How to Incorporate Bypass Trusts in Texas Estate Plans

Because estate planning laws are constantly changing, individuals often wonder if they should be changing their estate plans or utilizing other strategies. Some of these changes are known—such as the reduction of the federal estate tax exemption in 2026—whereas others are passed by Congress last minute and can be difficult to predict. In order to prepare for these changes, estate planning attorneys have recommended two strategies for some married couples hoping to limit their federal estate tax liability: the spousal portability election and bypass trusts. Below is information about both of these strategies, and how they can be helpful to Texas married couples going through the estate planning process.

What is a Bypass Trust?

A bypass trust allows married couples to not have to pay the estate tax on certain assets after one spouse passes away. When one spouse dies, the assets within the estate are split into two separate trusts: a marital trust, and a bypass trust. For those assets placed in the bypass trust, the surviving spouse does not own those assets but can access the trust and utilize some of the funds within it. Someone must act as the trustee of this trust, it can be the surviving spouse, and ensures the assets are divided appropriately into each trust and that the trust’s assets are being carefully managed. The assets not placed in the bypass are placed into the marital trust, which the surviving spouse can access at any time and use the funds as they see fit.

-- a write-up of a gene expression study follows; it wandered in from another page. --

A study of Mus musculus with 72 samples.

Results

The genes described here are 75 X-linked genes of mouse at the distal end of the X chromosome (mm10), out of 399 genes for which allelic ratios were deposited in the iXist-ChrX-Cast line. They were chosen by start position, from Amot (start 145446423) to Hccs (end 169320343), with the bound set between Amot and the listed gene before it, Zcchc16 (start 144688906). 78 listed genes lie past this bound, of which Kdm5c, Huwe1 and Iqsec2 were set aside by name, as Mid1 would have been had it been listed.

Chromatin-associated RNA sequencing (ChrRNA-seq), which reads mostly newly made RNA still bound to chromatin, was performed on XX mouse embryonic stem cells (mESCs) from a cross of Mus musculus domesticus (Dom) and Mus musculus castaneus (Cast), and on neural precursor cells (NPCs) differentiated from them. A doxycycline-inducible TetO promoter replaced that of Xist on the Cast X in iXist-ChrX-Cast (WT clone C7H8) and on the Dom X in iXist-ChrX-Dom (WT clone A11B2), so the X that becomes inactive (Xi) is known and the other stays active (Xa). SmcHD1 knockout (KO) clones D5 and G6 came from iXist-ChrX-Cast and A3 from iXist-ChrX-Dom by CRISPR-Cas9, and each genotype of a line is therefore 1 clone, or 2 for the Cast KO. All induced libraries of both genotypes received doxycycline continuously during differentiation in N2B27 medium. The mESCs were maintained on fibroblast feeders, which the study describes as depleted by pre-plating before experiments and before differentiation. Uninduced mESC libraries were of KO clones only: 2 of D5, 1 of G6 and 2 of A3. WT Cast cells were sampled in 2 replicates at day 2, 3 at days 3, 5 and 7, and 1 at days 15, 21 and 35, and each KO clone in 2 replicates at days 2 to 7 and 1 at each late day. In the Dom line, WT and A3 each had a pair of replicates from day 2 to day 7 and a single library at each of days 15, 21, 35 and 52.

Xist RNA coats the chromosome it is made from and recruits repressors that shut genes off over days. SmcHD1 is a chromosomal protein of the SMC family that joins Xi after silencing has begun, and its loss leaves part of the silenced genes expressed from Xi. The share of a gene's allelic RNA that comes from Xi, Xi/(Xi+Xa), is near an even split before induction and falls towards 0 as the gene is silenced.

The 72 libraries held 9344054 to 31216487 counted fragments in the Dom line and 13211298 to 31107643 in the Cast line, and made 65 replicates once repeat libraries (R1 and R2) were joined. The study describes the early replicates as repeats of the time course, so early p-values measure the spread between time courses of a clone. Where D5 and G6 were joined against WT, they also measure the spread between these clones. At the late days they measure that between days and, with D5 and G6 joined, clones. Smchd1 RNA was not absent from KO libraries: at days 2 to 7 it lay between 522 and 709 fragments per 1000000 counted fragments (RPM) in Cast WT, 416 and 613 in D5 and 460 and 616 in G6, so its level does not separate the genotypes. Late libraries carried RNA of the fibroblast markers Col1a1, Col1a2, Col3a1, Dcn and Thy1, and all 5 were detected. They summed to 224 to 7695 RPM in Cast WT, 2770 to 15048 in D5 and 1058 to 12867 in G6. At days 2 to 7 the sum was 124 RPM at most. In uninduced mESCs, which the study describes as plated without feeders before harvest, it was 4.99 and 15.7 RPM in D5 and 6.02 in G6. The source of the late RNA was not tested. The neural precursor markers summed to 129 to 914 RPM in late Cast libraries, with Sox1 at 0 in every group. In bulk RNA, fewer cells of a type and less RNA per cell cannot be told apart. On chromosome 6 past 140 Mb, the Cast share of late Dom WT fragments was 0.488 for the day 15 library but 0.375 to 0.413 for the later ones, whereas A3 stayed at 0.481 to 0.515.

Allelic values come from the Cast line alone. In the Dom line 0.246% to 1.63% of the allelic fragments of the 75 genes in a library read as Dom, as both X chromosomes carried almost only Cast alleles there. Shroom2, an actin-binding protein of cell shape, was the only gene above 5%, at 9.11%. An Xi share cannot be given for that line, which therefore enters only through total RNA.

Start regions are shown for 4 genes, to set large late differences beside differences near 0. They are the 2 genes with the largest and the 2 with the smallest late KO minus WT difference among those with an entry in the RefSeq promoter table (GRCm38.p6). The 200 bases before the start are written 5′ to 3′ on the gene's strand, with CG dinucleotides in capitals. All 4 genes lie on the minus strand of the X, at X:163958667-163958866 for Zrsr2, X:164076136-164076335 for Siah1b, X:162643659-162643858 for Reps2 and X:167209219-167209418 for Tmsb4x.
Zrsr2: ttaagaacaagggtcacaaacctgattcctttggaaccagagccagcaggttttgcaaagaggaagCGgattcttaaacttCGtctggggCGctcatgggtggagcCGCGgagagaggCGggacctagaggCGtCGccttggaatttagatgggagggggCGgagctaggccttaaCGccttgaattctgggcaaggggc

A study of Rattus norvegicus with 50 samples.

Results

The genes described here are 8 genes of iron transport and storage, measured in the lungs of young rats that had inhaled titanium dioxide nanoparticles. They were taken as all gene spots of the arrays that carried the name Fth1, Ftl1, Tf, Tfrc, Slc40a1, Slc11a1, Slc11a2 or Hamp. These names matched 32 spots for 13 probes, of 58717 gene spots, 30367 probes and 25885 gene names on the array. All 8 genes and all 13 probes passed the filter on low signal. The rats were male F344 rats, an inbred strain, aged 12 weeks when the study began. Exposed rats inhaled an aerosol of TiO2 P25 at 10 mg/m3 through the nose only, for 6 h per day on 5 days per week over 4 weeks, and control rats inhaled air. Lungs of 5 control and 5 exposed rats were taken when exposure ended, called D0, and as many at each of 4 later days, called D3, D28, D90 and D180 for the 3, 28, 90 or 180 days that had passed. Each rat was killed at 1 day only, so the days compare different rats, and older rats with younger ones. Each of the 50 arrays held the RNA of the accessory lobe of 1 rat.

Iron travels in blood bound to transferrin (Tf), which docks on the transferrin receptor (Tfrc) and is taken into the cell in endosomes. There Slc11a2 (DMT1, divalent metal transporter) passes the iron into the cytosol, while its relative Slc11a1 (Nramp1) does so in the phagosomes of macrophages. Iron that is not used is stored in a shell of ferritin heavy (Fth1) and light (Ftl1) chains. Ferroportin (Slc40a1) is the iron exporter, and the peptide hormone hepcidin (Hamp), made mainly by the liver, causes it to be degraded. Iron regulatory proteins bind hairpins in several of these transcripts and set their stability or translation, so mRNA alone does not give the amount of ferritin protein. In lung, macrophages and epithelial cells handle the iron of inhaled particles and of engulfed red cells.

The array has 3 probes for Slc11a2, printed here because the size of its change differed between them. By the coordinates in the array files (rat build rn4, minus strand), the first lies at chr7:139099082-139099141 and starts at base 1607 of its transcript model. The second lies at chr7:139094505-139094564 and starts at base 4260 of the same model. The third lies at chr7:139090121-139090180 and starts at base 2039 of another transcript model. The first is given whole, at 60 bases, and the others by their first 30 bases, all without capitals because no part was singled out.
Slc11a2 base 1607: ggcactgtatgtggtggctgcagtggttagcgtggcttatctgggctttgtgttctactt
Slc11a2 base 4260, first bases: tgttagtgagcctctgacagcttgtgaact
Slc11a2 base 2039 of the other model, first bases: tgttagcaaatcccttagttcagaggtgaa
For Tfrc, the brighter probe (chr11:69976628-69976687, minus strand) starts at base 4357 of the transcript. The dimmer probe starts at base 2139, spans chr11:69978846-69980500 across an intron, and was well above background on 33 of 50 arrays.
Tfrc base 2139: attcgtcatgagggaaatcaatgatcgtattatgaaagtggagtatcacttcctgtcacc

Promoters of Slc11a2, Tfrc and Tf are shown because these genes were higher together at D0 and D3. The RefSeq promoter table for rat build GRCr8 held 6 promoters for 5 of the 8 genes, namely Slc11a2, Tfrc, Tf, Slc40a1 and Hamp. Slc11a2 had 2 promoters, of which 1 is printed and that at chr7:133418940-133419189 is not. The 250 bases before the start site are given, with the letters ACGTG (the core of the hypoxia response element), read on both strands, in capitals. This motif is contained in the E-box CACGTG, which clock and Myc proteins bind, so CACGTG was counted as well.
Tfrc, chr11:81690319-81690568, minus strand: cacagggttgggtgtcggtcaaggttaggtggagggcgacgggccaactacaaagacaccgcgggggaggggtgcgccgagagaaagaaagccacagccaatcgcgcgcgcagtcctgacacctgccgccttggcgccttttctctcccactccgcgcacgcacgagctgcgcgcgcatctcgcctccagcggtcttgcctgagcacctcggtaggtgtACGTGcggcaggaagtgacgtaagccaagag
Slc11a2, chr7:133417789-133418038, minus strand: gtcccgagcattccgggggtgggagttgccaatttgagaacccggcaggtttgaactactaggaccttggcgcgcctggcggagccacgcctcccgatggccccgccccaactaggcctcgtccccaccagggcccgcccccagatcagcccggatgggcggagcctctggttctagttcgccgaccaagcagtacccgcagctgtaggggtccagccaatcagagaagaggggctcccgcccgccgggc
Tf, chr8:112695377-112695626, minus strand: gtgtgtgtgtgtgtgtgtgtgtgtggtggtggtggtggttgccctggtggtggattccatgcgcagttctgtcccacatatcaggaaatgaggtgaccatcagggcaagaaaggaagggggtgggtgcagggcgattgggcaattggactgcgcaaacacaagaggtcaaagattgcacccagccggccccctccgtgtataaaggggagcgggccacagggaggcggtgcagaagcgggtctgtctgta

Bypass trusts are useful for individuals hoping to limit their federal estate tax liability because up to $24.12 million in the bypass trust are not subject to the estate tax. And assets in a bypass trust are not overseen by the probate court process. Similarly, assets in a marital trust are not subject to the estate tax at all.

What is a Spousal Portability Election?

The Spousal Portability Election, passed into law by Congress in 2013, allows a surviving married couple to use the unused federal gift and estate tax exemption of the deceased spouse in the future. Basically, this allows them to claim two estate tax exemptions. However, the portability is not automatic and the deceased spouse’s estate must file a tax return that “elects” to allow the surviving spouse to use the unutilized exemption.

Because incorporating the spousal portability election and bypass trusts into a Texas estate plan may seem overwhelming, experienced estate planning attorneys are here to help with the process.

Contact a Houston Estate Planning Attorney

If you or a loved one is interested in creating a bypass trust, contact the Houston estate planning attorneys at McCulloch & Miller, PLLC. We understand that amidst changing times, knowing what to incorporate into your estate plan can be confusing. With decades of experience, our attorneys are here to answer any questions you may have and advise you on the steps that are best for you and your family. To schedule a free, no-obligation consultation and to speak with one of our knowledgeable attorneys, give us a call today at 713-333-8900.